Even though the threats to Indian security have far from subsided and the wish list of the armed forces, for modern weapon systems being long – with many items on their inventory now three or four decades old – the Finance Minister, Arun Jaitley, chose to make no mention of what would be the allocation for India’s defence in 2016-17 in his Union Budget speech. This is not only an unusual departure from past practices but it raises questions about the message this government wishes to send out, as China has launched a modernisation drive for its forces that could parallel in scale the opening of its economy and Pakistan, India’s other nuclear armed neighbour, is desperately seeking military parity with India while sponsoring cross border attacks with impunity.

Explanations for Mr Jaitley’s glaring omission about the defence outlay -since he had, last year announced an outlay of Rs 2,46,727 crore, – range from keeping the figures discreet so that it doesn’t alarm India’s rivals to there being no need to do so, as other allocations like the budget for external affairs aren’t announced either. Reading between the lines, it appeared that only a nominal increment of around 4.5 percent – in keeping with inflation figures – would in reality be initiated for the services. The pension bill was added to the defence budget for the first time in recent memory, as though to remind the services that the OROP burden would cost them their modernisation.

Even as every political party pays lip service to national security needs, in reality India’s defence spending has steadily declined as a percentage of its GDP. Last year, India’s defence budget had slipped to 1.74 percent of its GDP, even though it is fair to say that India’s military spending could go upto 3 percent of its GDP. In comparison, the US spends 4 percent, China 2.5 percent (though its figures are questionable) and Pakistan 3.5 percent on defence. Worse still, India’s per capita expenditure on defence is less than $10, while the average expenditure of the top ten spenders in Asia is USD 800 approximately. India’s soldier-to-citizen ratio, at 1.22 per 1,000 citizens, is among the lowest in Asia.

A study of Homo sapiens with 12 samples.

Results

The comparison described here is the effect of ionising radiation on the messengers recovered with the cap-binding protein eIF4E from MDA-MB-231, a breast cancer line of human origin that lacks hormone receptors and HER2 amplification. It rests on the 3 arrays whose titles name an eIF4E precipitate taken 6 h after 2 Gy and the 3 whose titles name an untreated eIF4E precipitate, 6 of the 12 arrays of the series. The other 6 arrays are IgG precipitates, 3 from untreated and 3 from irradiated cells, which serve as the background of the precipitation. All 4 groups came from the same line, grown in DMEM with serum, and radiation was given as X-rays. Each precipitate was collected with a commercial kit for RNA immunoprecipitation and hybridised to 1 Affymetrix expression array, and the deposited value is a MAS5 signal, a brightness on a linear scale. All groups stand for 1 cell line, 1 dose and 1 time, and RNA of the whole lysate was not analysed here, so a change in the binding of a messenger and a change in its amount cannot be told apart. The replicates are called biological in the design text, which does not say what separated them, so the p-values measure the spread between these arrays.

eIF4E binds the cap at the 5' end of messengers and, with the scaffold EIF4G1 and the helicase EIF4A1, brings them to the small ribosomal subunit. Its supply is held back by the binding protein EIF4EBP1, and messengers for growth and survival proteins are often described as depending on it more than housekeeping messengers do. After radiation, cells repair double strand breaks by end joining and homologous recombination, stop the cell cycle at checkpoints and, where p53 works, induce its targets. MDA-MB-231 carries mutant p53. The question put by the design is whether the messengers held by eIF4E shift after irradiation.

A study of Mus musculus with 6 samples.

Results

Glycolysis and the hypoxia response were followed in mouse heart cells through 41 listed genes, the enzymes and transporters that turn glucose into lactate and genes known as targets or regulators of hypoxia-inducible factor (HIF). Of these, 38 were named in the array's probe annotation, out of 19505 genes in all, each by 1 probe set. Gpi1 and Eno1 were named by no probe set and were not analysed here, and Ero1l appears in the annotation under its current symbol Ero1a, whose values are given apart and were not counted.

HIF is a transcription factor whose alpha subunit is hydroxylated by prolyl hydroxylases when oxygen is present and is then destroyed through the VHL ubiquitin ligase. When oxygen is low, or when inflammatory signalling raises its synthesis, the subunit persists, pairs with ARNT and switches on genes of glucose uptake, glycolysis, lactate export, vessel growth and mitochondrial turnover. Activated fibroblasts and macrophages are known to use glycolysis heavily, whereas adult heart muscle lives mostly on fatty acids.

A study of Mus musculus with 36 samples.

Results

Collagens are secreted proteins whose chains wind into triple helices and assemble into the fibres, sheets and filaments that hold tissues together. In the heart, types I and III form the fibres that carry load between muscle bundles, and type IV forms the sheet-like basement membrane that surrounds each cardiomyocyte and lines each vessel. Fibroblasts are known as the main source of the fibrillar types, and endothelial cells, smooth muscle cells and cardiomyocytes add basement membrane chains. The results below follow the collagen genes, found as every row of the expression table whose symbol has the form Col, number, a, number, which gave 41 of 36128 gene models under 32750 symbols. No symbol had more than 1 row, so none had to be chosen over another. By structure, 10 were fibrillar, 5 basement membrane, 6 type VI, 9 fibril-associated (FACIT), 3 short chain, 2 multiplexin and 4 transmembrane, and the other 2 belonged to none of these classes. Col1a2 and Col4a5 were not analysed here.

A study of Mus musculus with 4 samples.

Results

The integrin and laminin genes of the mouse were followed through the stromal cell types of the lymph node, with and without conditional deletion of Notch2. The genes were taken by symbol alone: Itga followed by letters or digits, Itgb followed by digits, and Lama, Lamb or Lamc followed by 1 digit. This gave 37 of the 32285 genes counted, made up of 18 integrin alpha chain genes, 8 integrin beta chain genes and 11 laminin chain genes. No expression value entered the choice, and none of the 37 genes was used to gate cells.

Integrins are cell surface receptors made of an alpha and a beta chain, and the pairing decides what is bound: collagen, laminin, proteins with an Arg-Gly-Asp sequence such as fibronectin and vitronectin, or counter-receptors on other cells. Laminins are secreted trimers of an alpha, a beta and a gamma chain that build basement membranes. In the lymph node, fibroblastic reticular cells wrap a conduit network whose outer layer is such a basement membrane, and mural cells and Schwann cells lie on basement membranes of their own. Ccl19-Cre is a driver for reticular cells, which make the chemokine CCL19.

While the IAF’s long standing demand for fighter jets – and the decision to buy 36 ready to fly French Rafale fighter aircrafts – has received much media coverage, the most pressing needs are of the army that battles terrorists, insurgencies and natural calamities, often with its silent and uncomplaining infantry soldiers, who need better clothing, bullet proof vests, night vision devices and helicopters to ferry troops and equipment to far flung glacial heights. But its long standing demands – for over Rs 40,000 crore worth of immediate equipment – is still awaiting funds. No wonder, the defence minister, Mr Parrikar has asked his ministry and the three services to try and complete this process in the next few months. But that is just fire fighting and still doesn’t address the bigger question of: “whether India can defend itself in the event of a two front attack – from China and Pakistan – and battle terrorists as well?” The answer sadly at this stage is ‘no’.

Apart from fighters, tanks, ships and missiles, what India desperately also needs is to invest more in improving its infrastructure along its Chinese border, and early warning systems – like hi-tech Intelligence, Surveillance and Reconnaissance (ISR) systems – to counter China’s tactical and numerical superiority. And with every terror attack sponsored by Pakistan, like that in Pathankot, security costs only go up, as the IAF now has to enhance security of all airfields. But worse still, we may soon be back to where we were 50 years ago, when our troops fought the Chinese in 1962 with obsolete weapons or none at all, and then Pakistan attacked India in 1965, confident that its much better equipped forces would be victorious.

A similar essay by Maroof Raza was first published in BW BusinessWorld on March 7, 2016.